By Steve LeBlanc, Associated Press, 03/15/02
Too much time has passed to consider pursuing criminal charges against a Lowell priest accused of inappropriate sexual contact with a 14-year-old boy, prosecutors said Friday.
The Child Abuse Unit at the Suffolk District Attorney's office has closed its review of the case involving the Rev. George Spagnolia because the 1971 allegation falls outside the applicable statute of limitations.
The statute of limitations for the allegation is six years.
The Roman Catholic Archdiocese of Boston last month forwarded Spagnolia's name to District Attorney Daniel Conley.
Spagnolia, most recently the pastor at St. Patrick Church in Lowell, denied the allegation and is fighting his suspension by the archdiocese.
A call to Spagnolia's lawyer was not immediately returned Friday.
Conley said the statute of limitations tied the hands of prosecutors.
"Father Spagnolia remained a resident of the commonwealth of Massachusetts for most if not all of the time in the last 31 years," Conley said. "Had he absented himself from the commonwealth and took up residence in another state or country that would have suspended the statute."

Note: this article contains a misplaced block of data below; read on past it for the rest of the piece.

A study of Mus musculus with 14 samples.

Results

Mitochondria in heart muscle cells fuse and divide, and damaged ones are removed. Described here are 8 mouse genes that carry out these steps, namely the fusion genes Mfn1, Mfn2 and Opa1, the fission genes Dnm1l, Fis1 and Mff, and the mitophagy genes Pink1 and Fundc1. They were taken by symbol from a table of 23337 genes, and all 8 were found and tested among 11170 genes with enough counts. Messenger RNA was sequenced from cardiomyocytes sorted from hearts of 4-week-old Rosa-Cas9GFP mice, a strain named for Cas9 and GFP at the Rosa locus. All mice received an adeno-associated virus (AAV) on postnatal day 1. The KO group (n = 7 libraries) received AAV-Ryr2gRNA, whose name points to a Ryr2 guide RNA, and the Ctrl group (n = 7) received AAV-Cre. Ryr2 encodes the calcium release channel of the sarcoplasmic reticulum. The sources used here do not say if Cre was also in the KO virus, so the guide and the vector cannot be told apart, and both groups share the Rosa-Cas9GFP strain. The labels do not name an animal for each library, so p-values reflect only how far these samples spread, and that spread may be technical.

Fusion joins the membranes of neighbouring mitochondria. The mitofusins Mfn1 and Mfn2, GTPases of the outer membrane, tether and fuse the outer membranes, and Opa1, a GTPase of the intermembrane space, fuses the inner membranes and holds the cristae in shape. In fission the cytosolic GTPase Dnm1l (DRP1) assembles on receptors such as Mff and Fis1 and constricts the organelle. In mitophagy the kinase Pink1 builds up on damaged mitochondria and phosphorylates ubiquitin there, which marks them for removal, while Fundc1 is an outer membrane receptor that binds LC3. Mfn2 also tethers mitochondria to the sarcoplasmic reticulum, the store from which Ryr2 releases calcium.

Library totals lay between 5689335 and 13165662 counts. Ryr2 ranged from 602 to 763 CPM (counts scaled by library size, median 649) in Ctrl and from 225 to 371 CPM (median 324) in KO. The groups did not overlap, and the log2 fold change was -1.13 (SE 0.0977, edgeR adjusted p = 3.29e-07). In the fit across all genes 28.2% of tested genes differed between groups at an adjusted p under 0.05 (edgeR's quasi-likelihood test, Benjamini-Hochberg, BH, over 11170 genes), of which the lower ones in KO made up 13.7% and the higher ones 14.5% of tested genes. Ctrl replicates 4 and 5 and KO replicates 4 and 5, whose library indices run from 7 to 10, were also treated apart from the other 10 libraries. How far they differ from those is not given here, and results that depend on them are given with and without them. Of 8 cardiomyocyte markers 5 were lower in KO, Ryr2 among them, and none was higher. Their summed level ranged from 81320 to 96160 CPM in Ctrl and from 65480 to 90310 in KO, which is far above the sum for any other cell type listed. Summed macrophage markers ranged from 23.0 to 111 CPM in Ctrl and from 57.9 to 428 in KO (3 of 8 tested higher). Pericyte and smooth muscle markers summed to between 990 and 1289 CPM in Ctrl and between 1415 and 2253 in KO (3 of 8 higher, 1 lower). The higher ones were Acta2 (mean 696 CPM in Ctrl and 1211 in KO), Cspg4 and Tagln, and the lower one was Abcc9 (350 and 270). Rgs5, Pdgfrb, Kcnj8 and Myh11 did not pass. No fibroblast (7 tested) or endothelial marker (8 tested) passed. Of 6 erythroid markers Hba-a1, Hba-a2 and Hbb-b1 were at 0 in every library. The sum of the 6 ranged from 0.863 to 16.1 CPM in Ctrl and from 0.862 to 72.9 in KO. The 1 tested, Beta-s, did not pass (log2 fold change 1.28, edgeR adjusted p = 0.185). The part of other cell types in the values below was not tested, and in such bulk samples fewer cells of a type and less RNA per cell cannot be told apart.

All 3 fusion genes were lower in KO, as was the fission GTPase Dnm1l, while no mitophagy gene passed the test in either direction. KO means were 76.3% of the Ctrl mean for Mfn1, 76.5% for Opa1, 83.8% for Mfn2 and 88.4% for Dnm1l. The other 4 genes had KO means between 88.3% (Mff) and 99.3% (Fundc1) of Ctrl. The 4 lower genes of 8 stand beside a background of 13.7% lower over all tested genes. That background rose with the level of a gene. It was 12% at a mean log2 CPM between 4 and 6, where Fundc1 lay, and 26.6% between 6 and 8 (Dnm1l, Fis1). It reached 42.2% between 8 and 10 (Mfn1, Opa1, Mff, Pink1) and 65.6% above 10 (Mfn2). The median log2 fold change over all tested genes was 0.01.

Once investigators determined they could not proceed with a prosecution, they did not delve further into the allegation, Conley said.
"When we concluded there was no case that could be brought we didn't bother the victim," he said.
Spagnolia, 64, was the first priest to fight his suspension under the church's new zero-tolerance policy toward child sex abuse. The alleged sexual misconduct took place while he was at St. Francis de Sales Church in Boston.
Spagnolia has admitted to lying about remaining celibate during an 18-year leave from the priesthood. Spagnolia later said he had two homosexual relationships during that time.
The archdiocese has defended its decision to remove Spagnolia from the Lowell parish, saying it acted only after meeting separately with the alleged victim and Spagnolia, and determining that there was reasonable cause to believe the abuse occurred.
The archdiocese issued a brief statement Friday saying it was in the process of reviewing the allegation against Spagnolia, who will remain on administrative leave until the review is completed.
Wendy Murphy, a lawyer for Spagnolia's alleged victim, said she wasn't surprised, but said the decision does not mean Spagnolia is innocent. Murphy has not revealed the identity of the alleged victim.
"One of the important questions raised by this result is whether the statute of limitations is fair to victims," she said referring to the burgeoning sex abuse scandal in the Boston archdiocese.
The archdiocese has turned over to prosecutors the names of more than 80 current and former priests suspected of child abuse in the past 50 years.
"My client is one person among hundreds of victims describing horrific acts of sexual abuse and the criminal courtroom doors have been slammed in their faces," Murphy said, referring to the statute of limitations.